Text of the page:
How to manage sports injuries with adjusting instruments

sports injuries

Injuries are so common in sports that they have their own customized names: tennis elbow, runner’s knee, jumper’s knee. Moreover, baseball players are prone to rotator cuff injuries, and football players to back pain. Chiropractors can help heal these injuries, as well as others that are common to all sports – such as soft tissue injuries involving tendons and ligaments – with instrument assisted cross fiber massage (IACFM). Adjusting instruments can aid in the healing of ligaments after they have been injured. Furthermore, this approach can also help prevent re-injury. Soft tissue is susceptible to wear and tear due to overuse, but IACFM can speed up the healing process.

Unfortunately, once an athlete injures a ligament – and 50% of all athletic injuries are ligament-related –   his or her chances of reinjuring themselves increase exponentially. This is thought to be so because ligaments heal by forming scar tissue, which means the athlete is left with mechanical deficiencies. However, soft tissue mobilization (STM) breaks up scar tissue formation and is believed to lead to faster healing. An example of a chiropractor offering instrument-assisted care to an athlete may involve a runner who has a rotated hip but experiences pain in his knee.

Even though the pain is felt on the knee, spine, hip, knee, and ankle adjustments may be needed. As it turns out, though, instrument adjustments are pain-free and can help the runner get back on the track sooner, and stay there longer. On the other hand, without the adjustments the athlete would at risk of further injury and increasing pain. Instrument adjusting is very specific and frequently constitutes a chiropractor’s best alternative for healing athletes and ensuring that they are at the top of their physical function.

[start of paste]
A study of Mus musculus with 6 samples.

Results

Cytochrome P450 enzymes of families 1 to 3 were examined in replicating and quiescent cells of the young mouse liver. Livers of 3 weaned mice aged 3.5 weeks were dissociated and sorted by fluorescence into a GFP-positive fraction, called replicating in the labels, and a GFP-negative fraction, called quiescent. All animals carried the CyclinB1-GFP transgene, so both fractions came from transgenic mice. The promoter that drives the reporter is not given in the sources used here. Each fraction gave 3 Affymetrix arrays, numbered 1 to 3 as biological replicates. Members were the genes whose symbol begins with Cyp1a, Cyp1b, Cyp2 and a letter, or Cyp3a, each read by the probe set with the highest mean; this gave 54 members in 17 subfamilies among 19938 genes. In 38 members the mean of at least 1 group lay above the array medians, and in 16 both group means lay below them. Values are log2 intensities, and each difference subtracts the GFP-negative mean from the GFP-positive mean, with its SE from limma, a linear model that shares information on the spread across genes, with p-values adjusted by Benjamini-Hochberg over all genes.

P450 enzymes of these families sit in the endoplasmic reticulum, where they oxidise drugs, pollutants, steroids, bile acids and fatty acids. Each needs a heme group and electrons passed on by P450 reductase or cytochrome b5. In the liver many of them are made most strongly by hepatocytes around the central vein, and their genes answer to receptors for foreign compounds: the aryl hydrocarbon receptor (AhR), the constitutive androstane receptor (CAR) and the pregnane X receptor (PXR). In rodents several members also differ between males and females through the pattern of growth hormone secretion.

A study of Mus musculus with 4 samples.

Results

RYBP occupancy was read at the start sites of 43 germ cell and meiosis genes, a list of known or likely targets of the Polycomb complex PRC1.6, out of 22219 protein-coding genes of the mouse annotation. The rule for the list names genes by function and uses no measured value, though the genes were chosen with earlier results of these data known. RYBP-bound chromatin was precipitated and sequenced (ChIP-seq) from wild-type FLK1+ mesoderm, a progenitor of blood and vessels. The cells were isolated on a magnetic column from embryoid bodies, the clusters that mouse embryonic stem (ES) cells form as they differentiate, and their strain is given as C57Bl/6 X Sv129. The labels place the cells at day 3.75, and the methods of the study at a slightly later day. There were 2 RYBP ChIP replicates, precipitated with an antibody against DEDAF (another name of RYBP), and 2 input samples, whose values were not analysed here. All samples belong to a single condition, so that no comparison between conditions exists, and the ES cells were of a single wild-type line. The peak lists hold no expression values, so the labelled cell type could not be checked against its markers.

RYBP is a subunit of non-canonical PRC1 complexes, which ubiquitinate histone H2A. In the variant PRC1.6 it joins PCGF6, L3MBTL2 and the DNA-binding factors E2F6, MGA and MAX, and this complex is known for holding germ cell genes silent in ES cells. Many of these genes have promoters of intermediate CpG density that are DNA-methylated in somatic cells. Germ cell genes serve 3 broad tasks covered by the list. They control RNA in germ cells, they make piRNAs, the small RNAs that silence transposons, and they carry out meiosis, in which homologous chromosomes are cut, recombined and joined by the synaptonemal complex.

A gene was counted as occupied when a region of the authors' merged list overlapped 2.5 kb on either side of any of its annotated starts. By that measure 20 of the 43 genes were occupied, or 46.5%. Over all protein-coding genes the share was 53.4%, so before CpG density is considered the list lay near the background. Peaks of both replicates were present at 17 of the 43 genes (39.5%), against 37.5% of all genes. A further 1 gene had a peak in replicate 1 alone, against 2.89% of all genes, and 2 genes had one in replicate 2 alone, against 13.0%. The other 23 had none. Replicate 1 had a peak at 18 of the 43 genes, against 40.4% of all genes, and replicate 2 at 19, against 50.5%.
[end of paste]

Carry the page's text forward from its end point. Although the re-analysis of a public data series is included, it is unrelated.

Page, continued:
Employing an instrument enables a DC to target the exact area that needs adjustment, as well as accurately establish just how much adjustment is required. Athletes who are enduring tremendous amounts of pain may be surprised of how much relief instrument adjusting can provide and how much range of motion they can recover – and the chiropractor may be as well. Actually, the more experienced and skilled a DC is the better results will be achieved. Also to take into account are the type of injury, the degree of discomfort the patient experiences, and the potential for re-injury. Considering all these factors allows the chiropractor to make the best use of instruments to rehabilitate an athlete.